In recent years, we have seen an explosion in the number of cryptocurrencies. Ethereum is an adaptable blockchain on which Turing-complete “smart contracts” can be programmed to implement a mind-boggling assortment of applications. The ability of Ethereum to effectively emulate other cryptocurrency schemes raises the question of whether we should continue to develop separate blockchains, or just use Ethereum for everything. (We justify our decision to build our own, native chain protocol here.) Building everything on Ethereum would simplify many aspects of the crypto economy and make developers’ lives easier. Nevertheless, there will continue to be a proliferation of new blockchains, for good reasons.
One of Ethereum’s most glaring shortcomings is its long latency and low throughput. At a maximum of about 15 transactions per second Ethereum is considerably faster than Bitcoin (4 per second), disrupting the credit card industry would require matching Visa’s maximum rate of at least 45,000. There are proposals to increase the throughput of Ethereum to this level but these proposals are complex and have yet to be tested in practice and at scale. At this time, there are many implementations underway for faster blockchains, so it is likely that one of those will fulfill the demands of high-throughput applications before Ethereum can.
An important facet of Ethereum’s transaction and contract system is the use of the “gas” currency to “fuel” processes. Each transaction includes a certain amount of gas, that is paid for by the sender to process the contract programs. This is an elegant solution to the problem of preventing arbitrary smart contracts from wasting compute time, but for more specialized blockchain applications, it is an unnecessary feature that complicates or even hinders use. In fact, for many applications, including nCent, gas prices are simply too high to make them practicable. nCent allows smart contract issuers to control the cost of their applications by allowing them to pay “up front” and make the transaction experience frictionless for end users.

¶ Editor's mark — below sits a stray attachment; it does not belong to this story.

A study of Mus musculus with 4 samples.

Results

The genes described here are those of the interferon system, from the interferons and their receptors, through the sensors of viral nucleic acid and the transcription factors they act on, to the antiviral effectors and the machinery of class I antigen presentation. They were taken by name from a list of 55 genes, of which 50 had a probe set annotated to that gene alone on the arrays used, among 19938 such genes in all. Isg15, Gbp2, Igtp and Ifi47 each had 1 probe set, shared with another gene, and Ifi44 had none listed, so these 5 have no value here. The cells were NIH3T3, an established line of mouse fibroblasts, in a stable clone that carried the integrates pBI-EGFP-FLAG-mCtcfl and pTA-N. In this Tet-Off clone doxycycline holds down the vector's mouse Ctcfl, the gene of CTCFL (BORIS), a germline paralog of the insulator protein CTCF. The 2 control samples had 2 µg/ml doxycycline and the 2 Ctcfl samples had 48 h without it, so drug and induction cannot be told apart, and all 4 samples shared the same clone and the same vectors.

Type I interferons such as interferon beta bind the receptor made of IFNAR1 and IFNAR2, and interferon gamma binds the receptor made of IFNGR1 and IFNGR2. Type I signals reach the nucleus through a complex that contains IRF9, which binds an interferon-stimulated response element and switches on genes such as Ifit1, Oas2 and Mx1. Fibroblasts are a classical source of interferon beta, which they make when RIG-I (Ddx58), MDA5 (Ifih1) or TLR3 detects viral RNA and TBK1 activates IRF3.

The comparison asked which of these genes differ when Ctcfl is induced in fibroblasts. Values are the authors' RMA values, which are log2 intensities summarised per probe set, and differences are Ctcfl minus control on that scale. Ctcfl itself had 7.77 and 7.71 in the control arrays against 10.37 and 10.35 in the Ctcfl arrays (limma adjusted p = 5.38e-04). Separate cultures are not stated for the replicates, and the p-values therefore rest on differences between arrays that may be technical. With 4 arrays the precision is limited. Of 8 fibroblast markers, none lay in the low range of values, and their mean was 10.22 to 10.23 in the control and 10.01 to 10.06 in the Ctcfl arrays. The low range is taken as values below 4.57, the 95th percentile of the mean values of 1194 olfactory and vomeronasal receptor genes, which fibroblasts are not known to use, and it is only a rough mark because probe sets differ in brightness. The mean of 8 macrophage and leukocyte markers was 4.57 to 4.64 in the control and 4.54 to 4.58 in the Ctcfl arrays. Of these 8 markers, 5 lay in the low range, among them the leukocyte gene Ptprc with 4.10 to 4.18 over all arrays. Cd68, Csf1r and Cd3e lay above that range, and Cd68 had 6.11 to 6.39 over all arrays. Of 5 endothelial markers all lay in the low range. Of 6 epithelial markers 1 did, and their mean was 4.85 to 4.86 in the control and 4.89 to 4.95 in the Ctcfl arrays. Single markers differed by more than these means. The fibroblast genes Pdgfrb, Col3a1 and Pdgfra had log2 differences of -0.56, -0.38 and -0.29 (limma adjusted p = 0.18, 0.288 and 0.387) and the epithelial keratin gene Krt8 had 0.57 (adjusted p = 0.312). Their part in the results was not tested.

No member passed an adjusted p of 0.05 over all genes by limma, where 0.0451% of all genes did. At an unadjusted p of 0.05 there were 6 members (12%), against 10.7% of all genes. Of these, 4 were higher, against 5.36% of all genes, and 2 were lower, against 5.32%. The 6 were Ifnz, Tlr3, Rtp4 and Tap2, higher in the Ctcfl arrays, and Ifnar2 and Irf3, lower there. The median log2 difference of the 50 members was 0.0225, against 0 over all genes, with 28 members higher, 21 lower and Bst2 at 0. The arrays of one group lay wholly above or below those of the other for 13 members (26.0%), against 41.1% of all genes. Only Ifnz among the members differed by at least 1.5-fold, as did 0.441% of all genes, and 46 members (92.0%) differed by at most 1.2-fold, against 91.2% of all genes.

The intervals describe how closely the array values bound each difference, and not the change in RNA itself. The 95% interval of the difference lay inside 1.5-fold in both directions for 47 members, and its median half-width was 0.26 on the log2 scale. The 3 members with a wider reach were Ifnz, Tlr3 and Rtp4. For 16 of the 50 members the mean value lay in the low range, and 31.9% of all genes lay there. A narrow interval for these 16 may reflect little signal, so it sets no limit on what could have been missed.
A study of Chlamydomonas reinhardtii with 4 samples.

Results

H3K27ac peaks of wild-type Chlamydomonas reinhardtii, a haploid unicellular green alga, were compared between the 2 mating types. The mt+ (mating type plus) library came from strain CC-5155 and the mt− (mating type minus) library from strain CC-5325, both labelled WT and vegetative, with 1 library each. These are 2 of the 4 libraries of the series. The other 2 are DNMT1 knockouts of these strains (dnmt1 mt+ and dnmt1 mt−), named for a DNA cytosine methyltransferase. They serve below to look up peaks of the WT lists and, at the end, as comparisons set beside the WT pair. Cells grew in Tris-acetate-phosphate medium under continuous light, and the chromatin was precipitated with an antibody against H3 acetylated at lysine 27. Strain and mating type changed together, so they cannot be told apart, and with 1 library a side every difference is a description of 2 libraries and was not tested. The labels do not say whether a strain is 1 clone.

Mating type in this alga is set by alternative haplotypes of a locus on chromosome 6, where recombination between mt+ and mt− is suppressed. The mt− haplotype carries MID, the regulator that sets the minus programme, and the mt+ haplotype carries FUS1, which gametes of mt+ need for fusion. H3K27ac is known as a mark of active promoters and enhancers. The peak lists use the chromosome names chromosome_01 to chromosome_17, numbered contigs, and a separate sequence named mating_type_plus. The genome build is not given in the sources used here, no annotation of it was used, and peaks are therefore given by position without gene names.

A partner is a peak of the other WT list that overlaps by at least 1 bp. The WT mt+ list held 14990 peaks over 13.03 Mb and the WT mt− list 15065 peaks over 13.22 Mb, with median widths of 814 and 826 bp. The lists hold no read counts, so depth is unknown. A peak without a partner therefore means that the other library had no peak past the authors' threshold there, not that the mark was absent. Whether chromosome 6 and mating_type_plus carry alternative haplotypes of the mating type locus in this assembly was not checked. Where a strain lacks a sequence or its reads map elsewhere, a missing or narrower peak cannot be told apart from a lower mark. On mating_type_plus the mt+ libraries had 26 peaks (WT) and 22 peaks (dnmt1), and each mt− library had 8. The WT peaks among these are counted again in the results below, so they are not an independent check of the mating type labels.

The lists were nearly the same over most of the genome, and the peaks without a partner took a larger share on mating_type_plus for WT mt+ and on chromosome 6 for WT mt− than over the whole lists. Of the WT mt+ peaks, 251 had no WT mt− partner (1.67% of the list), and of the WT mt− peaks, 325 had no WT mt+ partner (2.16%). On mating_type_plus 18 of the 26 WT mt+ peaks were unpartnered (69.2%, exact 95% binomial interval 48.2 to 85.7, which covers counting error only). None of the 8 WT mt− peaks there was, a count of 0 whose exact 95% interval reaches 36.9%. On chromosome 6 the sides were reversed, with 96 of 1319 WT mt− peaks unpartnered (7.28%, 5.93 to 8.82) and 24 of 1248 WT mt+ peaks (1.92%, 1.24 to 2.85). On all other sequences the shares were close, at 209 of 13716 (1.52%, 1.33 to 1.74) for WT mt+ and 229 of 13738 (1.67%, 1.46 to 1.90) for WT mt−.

Ethereum’s consensus protocol is based on proof of work, requiring the consumption of an incredible amount of energy to work effectively. Ethereum is currently estimated to have an annual electricity consumption of about 21 terawatt hours. About 2 million U.S. households could be powered by Ethereum, and the energy consumption only increases as the network grows. Proof of work has been used by many blockchains since it was employed in the original Nakamoto Consensus. While it has been proven in practice as well as theory to uphold the security notions desired by most blockchains, it comes at an environmental cost, and there are a variety of other more efficient consensus protocols being researched and deployed.
The invention of general-purpose computing revolutionized the world. But there have been many, many revisions of that general purpose architecture over the decades, and special-purpose processors are widely used for applications from signal processing to smart cards because generality has a high cost in performance, space, and energy. The evolution of blockchains will be similar. Ethereum proved that a general-purpose blockchain could be used for countless applications, including many not imagined by the inventors of Ethereum. But there will continue to be advances in general-purpose blockchains that address the limitations of Ethereum, and bespoke blockchains will be essential for the extreme needs of specialized applications.